Mayo to discontinue services at LeRoy clinic

Published 10:45 am Thursday, September 7, 2017

By Deb Nicklay, Austin Daily Herald

LEROY — A “severe” staffing shortage and low patient numbers have prompted Mayo Clinic Health System in LeRoy to discontinue clinic services effective Oct. 2, according to a press release issued Thursday.

The pharmacy, adjacent to the clinic, will remain open.


“Mayo Clinic Health System leaders engaged in dialogue with Mayor Brian Thiel and Economic Development Authority member Craig Jacobson about the challenges in the rural healthcare. Specific to LeRoy, a critical shortage of clinical staff added to the complexity of maintaining operations as they exist today. Designing a model of care that benefits patients in rural areas in the future is a mutual goal.”

Alice Kaasa, the clinic’s certified nurse practitioner, will move to the Austin campus. Her last day in LeRoy is Sept. 28. Due to the resignation of two nurses earlier this year, staff members from Austin have been filling in to keep the LeRoy clinic operational. Kaasa applied for and accepted a position with Mayo Urgent Care. Other employees will be offered jobs elsewhere.

“Our first priority is to ensure continuity of care for our patients,” says Tricia Dahl, operations administrator at Mayo Clinic Health System – Albert Lea and Austin. “Patients are being notified of our plans to discontinue primary care at the clinic, and we will work closely with patients and local leaders to ensure a smooth transition for those who choose care at a nearby location, either at Mayo Clinic Health System in Adams or in Austin.”

“Our discussion with Mayor Thiel and EDA member Jacobson was very productive and forward-looking,” according to Dr. Annie Sadosty, regional vice president for Mayo Clinic Health System.

Thiel told the Herald on Thursday that he agreed Mayo officials were willing to listen to concerns and the talks were “friendly and productive.” He noted the growing issue of staffing is affecting many small clinics. LeRoy officials first sat down with Mayo in August.

“We can see the trends developing where small towns are increasingly at-risk for keeping the traditional face-to-face ‘Dr. Welby’ type of medical services, so this did not surprise us,” Thiel said. “Marcus Welby M.D.” was a popular television show about a longtime family physician.

The nearby Adams clinic, about 12 miles from LeRoy, remains open and has a stable staff, according to a community meeting held in August with Mayo officials. The next closest clinic, which was located in Grand Meadow, closed in 2014, when it could not find a doctor to replace a retiring physician.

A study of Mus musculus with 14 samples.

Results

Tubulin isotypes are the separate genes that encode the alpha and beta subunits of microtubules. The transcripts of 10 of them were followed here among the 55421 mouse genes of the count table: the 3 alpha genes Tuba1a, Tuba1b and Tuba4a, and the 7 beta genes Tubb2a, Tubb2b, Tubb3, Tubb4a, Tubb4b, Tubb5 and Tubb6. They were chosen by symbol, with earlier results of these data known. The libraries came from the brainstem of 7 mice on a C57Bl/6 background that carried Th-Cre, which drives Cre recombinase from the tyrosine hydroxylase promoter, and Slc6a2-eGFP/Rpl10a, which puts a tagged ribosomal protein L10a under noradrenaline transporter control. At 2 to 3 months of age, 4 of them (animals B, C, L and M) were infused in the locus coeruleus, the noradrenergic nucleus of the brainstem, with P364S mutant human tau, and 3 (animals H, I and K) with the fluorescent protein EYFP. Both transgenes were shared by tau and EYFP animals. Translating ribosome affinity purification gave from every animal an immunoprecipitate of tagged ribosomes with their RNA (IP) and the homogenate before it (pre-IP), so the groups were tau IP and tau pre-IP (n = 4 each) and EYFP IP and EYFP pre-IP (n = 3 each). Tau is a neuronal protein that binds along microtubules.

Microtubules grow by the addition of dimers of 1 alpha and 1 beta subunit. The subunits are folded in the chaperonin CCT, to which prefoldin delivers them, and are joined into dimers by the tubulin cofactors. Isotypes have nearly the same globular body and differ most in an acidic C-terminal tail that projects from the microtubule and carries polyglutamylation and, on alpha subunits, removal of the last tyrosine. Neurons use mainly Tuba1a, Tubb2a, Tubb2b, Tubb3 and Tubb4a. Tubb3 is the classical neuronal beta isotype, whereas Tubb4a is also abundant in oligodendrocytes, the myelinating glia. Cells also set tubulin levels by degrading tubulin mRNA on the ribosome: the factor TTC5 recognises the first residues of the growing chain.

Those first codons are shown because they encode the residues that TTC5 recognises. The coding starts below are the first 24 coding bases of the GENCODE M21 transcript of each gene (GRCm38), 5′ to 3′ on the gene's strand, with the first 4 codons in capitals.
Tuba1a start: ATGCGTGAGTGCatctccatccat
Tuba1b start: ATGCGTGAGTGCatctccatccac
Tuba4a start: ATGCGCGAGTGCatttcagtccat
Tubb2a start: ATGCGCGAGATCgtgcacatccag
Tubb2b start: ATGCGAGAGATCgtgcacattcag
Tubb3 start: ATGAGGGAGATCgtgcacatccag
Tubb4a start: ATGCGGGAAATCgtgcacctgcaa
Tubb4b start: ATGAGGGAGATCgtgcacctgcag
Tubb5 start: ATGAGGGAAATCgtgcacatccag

Mayo officials, on the clinic’s website, said the closing has no relation to the relocation of inpatient services from Albert Lea to Austin, which has proved to be a hot-button issue this summer. There are also no plans to close other facilities at this time.

Thiel said the closing raises concerns with its Wildwood Grove Adult Living Center, that provides assisted living, independent and memory care services. Wildwood Grove “has concerns for its clientele getting the many routine tests that need to be made on a timely and efficient basis.”

There are some types of services that can be done without face-to-face meetings with doctors, Mayo officials say.

“We made a strong commitment to work together on alternatives for the residents of LeRoy and surrounding areas,” said Sadosty. “In the near future, we plan to host a community event to introduce residents to some of our non-visit care offerings such as the nurse line, Express Care Online and Patient Online Services. We’ll have staff available to help residents create their Patient Online Services account, which is the entry point for many of our services.”

Thiel said the fiber optic installation at Wildwood and other city facilities will “be very productive in compensation for reduced in-person contact.”

The clinic building is owned by Mayo Clinic and the structure includes the pharmacy. While Thiel is not sure exactly what will happen with the vacated space, “we in LeRoy are ever hopeful that one day soon there might be a medical education outlet here for interns or residents to provide in-person services here, or that some other agency might be interested in serving this area,” he said. He added he was grateful the pharmacy would remain.

“LeRoy is a progressive community with highly-engaged citizens and leaders,” Sadosty said. “We look forward to the innovations we’ll make together that take advantage of technology and strategic sharing of resources to deliver convenient care to our patients.”

“Of course, nobody in LeRoy is happy to lose the services of a certified nurse-practitioner,” Thiel said. “but the continuation of the pharmacy is helpful. People in LeRoy are taking note of the readiness of Mayo regional staff to continue to engage with us working out compensating methods and alternative people.

“We are optimistic that our city and the nearby area will have competent medical services well into the future. It will follow different methods, for sure, but LeRoy will be its typical proactive and innovative and will do all we can to assure it means that life in LeRoy is as good as ever, or better than ever.”